One of the mysteries of the English language finally explained.
A vertical pipe extending from a water supply, especially one connecting a temporary tap to the mains.
- ‘Then the air expands, forcing water up the standpipe, and into the elevated tank.’
- ‘A 20-tonne capacity water truck can be filled in half an hour and standpipes have been set up for people to siphon off the water.’
- ‘Waterpipes have been frozen almost everywhere and in some places the public water standpipes have been frozen, resulting in considerable inconvenience to cottagers and others.’
- ‘As the summit began yesterday, desperate kids in nearby shanty towns queued for water at standpipes.’
- ‘To hit home just how tough things were in the days before modern plumbing, visitors will be able to lift two gallon buckets of water, which is what people carried from the standpipe to their homes.’
- ‘The episode that audiences will see at the festival focuses on rural Caribbean life - specifically the women who carry water from the standpipe back to their homes.’
- ‘The drain standpipe should always be taller than your highest water level in the machine to add protection from back-up water and siphoning.’
- ‘Traffic on nearby Leeds Road was disrupted as police diverted cars round standpipes pumping water from the main road to help douse the flames.’
- ‘Additional standpipe feeds for the water sprinkler system were installed.’
- ‘The system enables individuals to use their own pre-paid cards to get water from a communal standpipe.’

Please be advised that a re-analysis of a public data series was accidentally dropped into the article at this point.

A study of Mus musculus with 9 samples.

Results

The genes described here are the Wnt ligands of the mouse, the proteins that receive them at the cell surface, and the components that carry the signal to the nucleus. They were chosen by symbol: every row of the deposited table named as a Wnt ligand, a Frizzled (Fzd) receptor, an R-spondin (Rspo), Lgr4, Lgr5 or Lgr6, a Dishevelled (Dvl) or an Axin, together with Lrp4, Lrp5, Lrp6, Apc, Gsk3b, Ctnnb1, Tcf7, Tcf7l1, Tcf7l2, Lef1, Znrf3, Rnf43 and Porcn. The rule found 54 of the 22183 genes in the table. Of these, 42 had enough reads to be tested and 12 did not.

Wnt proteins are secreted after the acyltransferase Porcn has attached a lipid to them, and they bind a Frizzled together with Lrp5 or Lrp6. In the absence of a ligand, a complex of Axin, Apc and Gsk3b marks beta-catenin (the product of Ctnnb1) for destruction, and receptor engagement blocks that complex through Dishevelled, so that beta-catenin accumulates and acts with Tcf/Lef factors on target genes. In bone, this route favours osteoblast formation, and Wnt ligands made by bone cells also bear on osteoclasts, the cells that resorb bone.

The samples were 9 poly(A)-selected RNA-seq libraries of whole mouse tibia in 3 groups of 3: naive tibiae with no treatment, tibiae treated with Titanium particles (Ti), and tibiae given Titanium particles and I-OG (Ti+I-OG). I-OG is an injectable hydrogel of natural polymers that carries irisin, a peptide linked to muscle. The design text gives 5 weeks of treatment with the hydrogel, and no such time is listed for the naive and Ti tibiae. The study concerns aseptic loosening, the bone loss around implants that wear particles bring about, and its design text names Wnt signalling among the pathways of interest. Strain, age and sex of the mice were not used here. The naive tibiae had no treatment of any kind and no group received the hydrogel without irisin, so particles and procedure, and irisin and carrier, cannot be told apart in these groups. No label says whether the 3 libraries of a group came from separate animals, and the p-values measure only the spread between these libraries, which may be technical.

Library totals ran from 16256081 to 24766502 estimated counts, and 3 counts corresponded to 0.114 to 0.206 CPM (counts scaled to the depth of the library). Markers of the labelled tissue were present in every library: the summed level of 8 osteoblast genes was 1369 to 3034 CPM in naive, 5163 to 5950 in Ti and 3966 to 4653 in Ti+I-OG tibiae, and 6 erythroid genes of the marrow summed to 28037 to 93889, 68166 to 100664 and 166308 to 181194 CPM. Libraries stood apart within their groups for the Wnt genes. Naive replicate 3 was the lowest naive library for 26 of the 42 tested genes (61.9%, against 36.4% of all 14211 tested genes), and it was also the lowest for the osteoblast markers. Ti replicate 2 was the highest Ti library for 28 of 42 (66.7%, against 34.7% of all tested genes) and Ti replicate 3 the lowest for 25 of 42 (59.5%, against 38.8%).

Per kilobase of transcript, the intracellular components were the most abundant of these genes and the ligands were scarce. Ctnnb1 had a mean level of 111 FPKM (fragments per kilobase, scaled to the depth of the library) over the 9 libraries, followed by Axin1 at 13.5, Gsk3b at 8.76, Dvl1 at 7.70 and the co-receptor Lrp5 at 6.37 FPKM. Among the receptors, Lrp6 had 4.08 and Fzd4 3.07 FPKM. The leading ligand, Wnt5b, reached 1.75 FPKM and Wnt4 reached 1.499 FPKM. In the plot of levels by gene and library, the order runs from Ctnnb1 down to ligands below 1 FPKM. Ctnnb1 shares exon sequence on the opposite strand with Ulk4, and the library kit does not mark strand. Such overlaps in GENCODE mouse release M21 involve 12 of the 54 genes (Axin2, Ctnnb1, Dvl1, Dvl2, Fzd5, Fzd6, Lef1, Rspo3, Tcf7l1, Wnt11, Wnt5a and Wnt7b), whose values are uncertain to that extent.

- ‘Family members and friends tried to put out the fire by attaching a hose to a nearby standpipe, but this did little to stop the blaze.’
- ‘After all, while there may be reduced rainfall there haven't been any long periods of hot, dry weather, as there were in 1976 when many areas had standpipes in the street.’
- ‘Similarly, use of existing fire department standpipes and water supplies will be allowed.’
- ‘They will have a car park, sheds and standpipes for water, and most say they are happy to move.’
- ‘Over the past six years, residents of informal settlements in the East London area had been consuming municipal water from standpipes for free as the council could not collect the revenue.’
- ‘And women were beginning to wend their way down to the standpipes at the road to collect water for the day to carry back in buckets balanced on their heads.’
- ‘Every week, Christopher washes his clothes and collects drinking water at a standpipe in Beetham Gardens.’
- ‘Ms Henwood has warned that queuing for water at standpipes in the street may become a feature of future summers in Hampshire.’
- ‘If water came from a standpipe, consumption would be less than half that so the cost in turn would be halved.’
- ‘The iron standpipe supplied residents of Rawcliffe with drinking water before the handful of cottages tapped into the mains.’